Birthday celebrations, MEC Race One “Rust Buster” 10K and marathon training

lakerunMy body is surprisingly not as beat up as I thought it’d be after a weekend of birthday eats and drinks, plus spending my entire morning on Sunday racing and running.

I celebrated my 31st birthday on Thursday and was totally spoiled by my loved ones as usual. There was lots of wining and dining, flowers, cards, late nights and a shopping spree, plus this amazing gift from Matt that I’m hoping to get resized or possibly exchange for a smaller version so I can wear it properly.




It’s called a Claddagh ring. According to Wikipedia:

The Claddagh ring (Irish: fΓ‘inne Chladaigh) is a traditional Irish ring given which represents love, loyalty, and friendship (the hands represent friendship, the heart represents love, and the crown represents loyalty).

The design and customs associated with it originated in the Irish fishing village of Claddagh, located just outside the old city walls of Galway, now part of Galway City. The ring, as currently known, was first produced in the 17th century.

While Claddagh rings are sometimes used as friendship rings, they are most commonly used as engagement and wedding rings. Mothers sometimes give these rings to daughters when they come of age. There are several mottos and wishes associated with the ring, such as: “Let love and friendship reign.” In Ireland, the United States, Canada, and other parts of the Irish diaspora, the Claddagh is sometimes handed down mother-to-eldest daughter or grandmother-to-granddaughter. According to Irish author Colin Murphy, the way in which a Claddagh ring was worn with the intention of conveying the wearer’s relationship status:

  • On the right hand with the point of the heart toward the fingertips, the wearer is single and may be looking for love.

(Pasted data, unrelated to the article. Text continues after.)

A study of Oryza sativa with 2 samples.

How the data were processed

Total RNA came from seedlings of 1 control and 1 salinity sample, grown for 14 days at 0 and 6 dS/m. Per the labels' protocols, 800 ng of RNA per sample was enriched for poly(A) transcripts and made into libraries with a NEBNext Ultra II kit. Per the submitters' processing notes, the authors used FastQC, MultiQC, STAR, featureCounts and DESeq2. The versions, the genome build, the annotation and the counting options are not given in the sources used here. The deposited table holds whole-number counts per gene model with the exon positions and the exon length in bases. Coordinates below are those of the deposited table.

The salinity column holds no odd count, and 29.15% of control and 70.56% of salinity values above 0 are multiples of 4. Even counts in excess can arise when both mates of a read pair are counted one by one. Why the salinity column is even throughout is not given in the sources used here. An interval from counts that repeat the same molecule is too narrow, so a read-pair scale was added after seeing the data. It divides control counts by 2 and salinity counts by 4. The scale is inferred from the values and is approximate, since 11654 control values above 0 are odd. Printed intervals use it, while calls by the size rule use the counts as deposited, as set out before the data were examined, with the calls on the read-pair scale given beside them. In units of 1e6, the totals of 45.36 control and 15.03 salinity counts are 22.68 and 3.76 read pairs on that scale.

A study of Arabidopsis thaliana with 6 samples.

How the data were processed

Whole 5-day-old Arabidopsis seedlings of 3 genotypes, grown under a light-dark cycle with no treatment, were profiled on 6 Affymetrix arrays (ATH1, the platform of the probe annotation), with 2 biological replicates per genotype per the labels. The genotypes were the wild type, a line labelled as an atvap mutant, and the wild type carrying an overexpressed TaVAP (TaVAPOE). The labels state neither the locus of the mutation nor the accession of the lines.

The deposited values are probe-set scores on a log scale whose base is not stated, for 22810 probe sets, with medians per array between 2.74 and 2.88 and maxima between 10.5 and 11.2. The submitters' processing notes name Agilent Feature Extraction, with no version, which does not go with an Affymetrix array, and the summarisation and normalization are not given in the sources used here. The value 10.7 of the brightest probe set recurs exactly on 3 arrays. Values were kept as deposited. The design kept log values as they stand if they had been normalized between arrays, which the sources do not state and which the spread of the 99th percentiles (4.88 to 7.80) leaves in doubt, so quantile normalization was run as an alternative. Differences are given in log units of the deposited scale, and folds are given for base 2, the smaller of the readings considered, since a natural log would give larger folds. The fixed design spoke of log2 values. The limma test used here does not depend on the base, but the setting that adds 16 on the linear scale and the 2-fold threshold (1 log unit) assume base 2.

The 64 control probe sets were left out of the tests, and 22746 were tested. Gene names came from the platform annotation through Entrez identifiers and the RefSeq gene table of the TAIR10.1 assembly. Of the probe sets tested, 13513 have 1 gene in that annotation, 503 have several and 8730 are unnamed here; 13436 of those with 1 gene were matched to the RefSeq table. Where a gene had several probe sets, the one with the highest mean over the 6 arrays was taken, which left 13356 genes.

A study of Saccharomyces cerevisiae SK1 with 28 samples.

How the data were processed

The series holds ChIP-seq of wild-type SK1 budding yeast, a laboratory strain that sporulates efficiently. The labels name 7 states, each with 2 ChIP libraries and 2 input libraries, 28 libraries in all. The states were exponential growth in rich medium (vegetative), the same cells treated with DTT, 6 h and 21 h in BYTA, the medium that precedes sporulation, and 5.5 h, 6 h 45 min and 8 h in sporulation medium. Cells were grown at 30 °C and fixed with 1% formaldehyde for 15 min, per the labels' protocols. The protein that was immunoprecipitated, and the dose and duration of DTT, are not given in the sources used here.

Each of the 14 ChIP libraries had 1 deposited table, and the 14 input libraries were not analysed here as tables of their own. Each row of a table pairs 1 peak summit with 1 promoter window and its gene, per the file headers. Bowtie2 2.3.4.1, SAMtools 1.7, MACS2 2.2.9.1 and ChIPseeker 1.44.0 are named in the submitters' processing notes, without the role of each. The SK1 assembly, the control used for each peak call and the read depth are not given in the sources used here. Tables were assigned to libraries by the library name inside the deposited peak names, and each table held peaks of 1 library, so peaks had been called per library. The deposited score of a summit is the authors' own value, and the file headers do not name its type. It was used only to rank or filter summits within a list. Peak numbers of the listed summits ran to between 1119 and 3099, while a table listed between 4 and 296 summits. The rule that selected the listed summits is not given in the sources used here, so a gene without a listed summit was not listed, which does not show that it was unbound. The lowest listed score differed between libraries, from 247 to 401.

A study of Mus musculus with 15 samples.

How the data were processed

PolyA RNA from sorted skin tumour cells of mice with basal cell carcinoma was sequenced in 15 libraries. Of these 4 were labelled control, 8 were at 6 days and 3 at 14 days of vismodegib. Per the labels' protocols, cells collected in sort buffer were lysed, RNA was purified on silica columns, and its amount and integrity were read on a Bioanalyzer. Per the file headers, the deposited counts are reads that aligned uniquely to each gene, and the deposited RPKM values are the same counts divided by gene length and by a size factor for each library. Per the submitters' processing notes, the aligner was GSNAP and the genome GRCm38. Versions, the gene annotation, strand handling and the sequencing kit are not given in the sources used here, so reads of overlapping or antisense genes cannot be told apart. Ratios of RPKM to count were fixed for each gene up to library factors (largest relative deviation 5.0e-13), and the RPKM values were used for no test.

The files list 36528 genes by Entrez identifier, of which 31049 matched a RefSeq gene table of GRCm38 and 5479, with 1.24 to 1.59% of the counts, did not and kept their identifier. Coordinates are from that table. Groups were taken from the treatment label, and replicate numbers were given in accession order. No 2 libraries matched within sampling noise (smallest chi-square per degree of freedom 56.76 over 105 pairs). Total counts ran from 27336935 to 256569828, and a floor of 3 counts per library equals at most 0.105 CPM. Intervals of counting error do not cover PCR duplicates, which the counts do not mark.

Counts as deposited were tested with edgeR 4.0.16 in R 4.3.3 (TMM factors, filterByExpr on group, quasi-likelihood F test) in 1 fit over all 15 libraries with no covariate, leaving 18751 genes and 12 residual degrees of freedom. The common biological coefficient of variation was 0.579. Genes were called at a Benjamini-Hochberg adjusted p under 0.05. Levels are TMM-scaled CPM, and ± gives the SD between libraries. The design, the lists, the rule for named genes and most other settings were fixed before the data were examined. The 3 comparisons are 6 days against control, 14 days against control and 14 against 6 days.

• On the right hand with the point of the heart toward the wrist, the wearer is in a relationship.
  • On the left hand with the point of the heart toward the fingertips, the wearer is engaged.
  • On the left hand with the point of the heart toward the wrist, the wearer is married.

My great grandparents on my mom’s side were Irish and my great grandparents on my dad’s side were Scottish, so I love the meaning and the origin behind the ring.

Matt also gave me a gift certificate to get my nails done, which I did this weekend as well. Feeling like I needed to spruce up my wardrobe to match my pretty ring and nails for my new job I’m starting this week, I decided to hit up the mall on Saturday and spent more than I should have on clothes. But I badly needed new work pants that actually fit, plus collared shirts and blazers so I can adult for real now.


As I mentioned last week, I wanted to do a race to get an idea of where I’m at with speed for Phoenix Marathon training, so I signed up to run the MEC Race One “Rust Buster” 10K in Royal Oak this past weekend. Despite the miserable cold, wet and windy weather, I had a decent run and kept a fairly steady 4:34 pace throughout the race, which was mostly run on a trail. I wasn’t running flat out, as I knew I had another 20 km to do after for my marathon training long run, but probably at about an 80% effort — an effort that was good enough for 3rd in my division and 7th female overall out of 149!

I’m happy with my speed and time, which makes me feel more confident about my marathon training right now. So no crazy adjusting of training needed πŸ™‚

After the race, Debbie was kind enough to join me for a 10 km run on Lochside Trail before I finished up my last 10 km on the same route.

Just taking a little book break!

Just taking a little book break!


Stopped to have a chat with Farmer Roy

Stopped to have a chat with Farmer Roy


Other than feeling dead tired, my legs felt decent. Just two more long training runs to go before taper time!

Have you heard of a Claddagh ring? Have you ever done a race then continued on with a long run? Are you training for anything right now? Do you wear “adult” clothes for work?